After a good night’s sleep at yesterday’s excellent hotel I woke early, had breakfast, and got moving shortly after 7 am. The hotel manager warned me that there were “only two” vending machines on the route I would be taking. I reassured him I would be fine.
I followed the winding Yokonami Skyline road along the peninsula for 15km, enjoying the breathtaking views of the coast from about 150m above it. There wasn’t much traffic save for a couple of school buses.
I reached the intersection with the main road at Sakauchi around 10.30 am and continued west, passing another of the fancy henro huts (17 – Susaki). I hope I get a chance to sleep in one of these.
Reaching Susaki City far earlier than expected at noon I passed an enormous industrial facility with pipelines which went on for more than a kilometre. Was it a power station or something else?
I had considered stopping at the Kawauso no Sato Susaki michi-no-eki (road station) but, since I was so early and still had enough energy, pressed onwards following a road parallel to the Kochi Expressway.
At this point, the trail takes you through a number of long road tunnels which is probably my least favourite thing about the whole pilgrimage since it’s nerve-wracking and dangerous. Luckily there are a couple of detours you can take to avoid the longest of them.
Thankfully I soon reached the Yakezaka-tōge Pass which is forest the whole way. There were actually a lot of spots along this section where landslides had partially destroyed the path but nothing impassable.
At this point, I had covered 35km and I noticed that my left big toe had gone numb. Stopping to take a look everything seemed fine so I hobbled on.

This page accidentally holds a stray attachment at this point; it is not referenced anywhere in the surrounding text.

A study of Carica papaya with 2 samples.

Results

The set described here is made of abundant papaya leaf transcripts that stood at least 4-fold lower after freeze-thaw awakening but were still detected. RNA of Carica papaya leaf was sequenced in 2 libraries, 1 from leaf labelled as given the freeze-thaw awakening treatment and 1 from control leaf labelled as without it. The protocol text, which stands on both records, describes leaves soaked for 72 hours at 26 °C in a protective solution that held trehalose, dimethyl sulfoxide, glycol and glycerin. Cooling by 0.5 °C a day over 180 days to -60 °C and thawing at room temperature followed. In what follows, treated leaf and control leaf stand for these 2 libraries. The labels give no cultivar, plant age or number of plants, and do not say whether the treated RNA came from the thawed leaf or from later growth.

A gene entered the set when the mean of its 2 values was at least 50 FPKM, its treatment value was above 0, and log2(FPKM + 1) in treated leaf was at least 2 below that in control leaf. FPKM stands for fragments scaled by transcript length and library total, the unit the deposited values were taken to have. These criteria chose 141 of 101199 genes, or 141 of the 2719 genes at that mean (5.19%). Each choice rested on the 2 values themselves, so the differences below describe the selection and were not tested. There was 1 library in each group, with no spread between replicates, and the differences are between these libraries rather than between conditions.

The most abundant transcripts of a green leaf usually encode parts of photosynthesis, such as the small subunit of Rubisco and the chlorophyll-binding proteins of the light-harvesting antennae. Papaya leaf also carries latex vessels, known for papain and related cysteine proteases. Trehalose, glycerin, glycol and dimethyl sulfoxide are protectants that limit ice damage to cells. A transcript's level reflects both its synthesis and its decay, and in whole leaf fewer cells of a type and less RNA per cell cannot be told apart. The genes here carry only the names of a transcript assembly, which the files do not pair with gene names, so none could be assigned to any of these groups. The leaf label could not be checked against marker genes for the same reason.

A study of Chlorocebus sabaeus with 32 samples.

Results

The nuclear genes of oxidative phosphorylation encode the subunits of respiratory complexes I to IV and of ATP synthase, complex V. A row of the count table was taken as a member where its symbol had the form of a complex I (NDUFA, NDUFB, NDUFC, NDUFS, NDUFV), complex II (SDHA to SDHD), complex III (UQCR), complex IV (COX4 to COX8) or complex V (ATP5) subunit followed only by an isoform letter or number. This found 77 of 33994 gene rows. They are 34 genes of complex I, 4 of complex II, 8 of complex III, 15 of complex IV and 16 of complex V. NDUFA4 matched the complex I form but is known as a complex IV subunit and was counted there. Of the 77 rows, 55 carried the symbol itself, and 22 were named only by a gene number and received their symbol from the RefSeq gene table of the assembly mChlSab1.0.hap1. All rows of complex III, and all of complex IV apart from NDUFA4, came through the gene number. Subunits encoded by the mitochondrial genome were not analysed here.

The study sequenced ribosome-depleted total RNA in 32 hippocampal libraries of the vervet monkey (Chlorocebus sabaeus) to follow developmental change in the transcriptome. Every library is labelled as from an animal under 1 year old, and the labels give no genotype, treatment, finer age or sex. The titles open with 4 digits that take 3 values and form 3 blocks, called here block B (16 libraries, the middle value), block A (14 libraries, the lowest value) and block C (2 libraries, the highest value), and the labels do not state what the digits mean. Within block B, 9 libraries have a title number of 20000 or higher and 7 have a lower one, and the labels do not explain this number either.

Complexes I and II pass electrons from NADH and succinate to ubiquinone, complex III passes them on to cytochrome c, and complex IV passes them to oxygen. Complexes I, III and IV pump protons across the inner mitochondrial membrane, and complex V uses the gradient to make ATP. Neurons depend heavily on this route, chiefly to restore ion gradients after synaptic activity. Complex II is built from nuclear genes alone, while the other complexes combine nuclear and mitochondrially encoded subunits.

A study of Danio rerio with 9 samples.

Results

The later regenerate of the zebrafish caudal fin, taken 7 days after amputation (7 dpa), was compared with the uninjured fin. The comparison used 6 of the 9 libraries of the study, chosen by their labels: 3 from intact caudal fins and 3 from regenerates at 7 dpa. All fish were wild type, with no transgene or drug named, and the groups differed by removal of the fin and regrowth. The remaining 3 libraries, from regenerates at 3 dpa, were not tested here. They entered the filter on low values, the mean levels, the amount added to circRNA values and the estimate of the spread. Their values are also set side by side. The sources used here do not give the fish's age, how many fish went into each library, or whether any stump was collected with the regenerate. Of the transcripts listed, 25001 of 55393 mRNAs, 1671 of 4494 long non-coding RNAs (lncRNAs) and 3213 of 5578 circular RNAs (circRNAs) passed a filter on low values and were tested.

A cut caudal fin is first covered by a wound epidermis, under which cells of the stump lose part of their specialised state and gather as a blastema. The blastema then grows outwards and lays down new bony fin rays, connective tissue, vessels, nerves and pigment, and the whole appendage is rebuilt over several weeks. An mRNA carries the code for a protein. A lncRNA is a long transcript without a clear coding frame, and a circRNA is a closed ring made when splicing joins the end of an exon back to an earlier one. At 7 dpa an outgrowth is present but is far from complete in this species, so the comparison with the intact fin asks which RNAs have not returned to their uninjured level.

Just outside Naka-tosa Town I stopped at a Lawson combini for some dinner (there didn’t seem to be anywhere else) and realised as I spoke to the store clerk that they were the only person I’d spoken to today except for the hotel manager. I’m in quite a remote spot now and there don’t seem to be many walking henro.
Weirdly the Lawson had a sake shop attached to it with a table where I ate my food and, as I was finishing, another henro I’d met a couple of days earlier walked in. He’s been doing the pilgrimage by bus/train so I wasn’t sure why he wasn’t further ahead already but it was nice to see a familiar face.
Just as my iPhones pedometer reached 40km I found a nice hut under which to camp a short distance into the Soemimizu trail. In fact, there were two huts about 10 minutes apart but in the first, I found a note written in English saying the second was bigger so that’s where I went (thanks to whoever wrote it).
I had my camp set up by 6 pm with enough light left to get myself organised. Tomorrow I’ll reach Iwamoto-ji (岩本寺 – 37) and then continue towards Cape Ashizuri.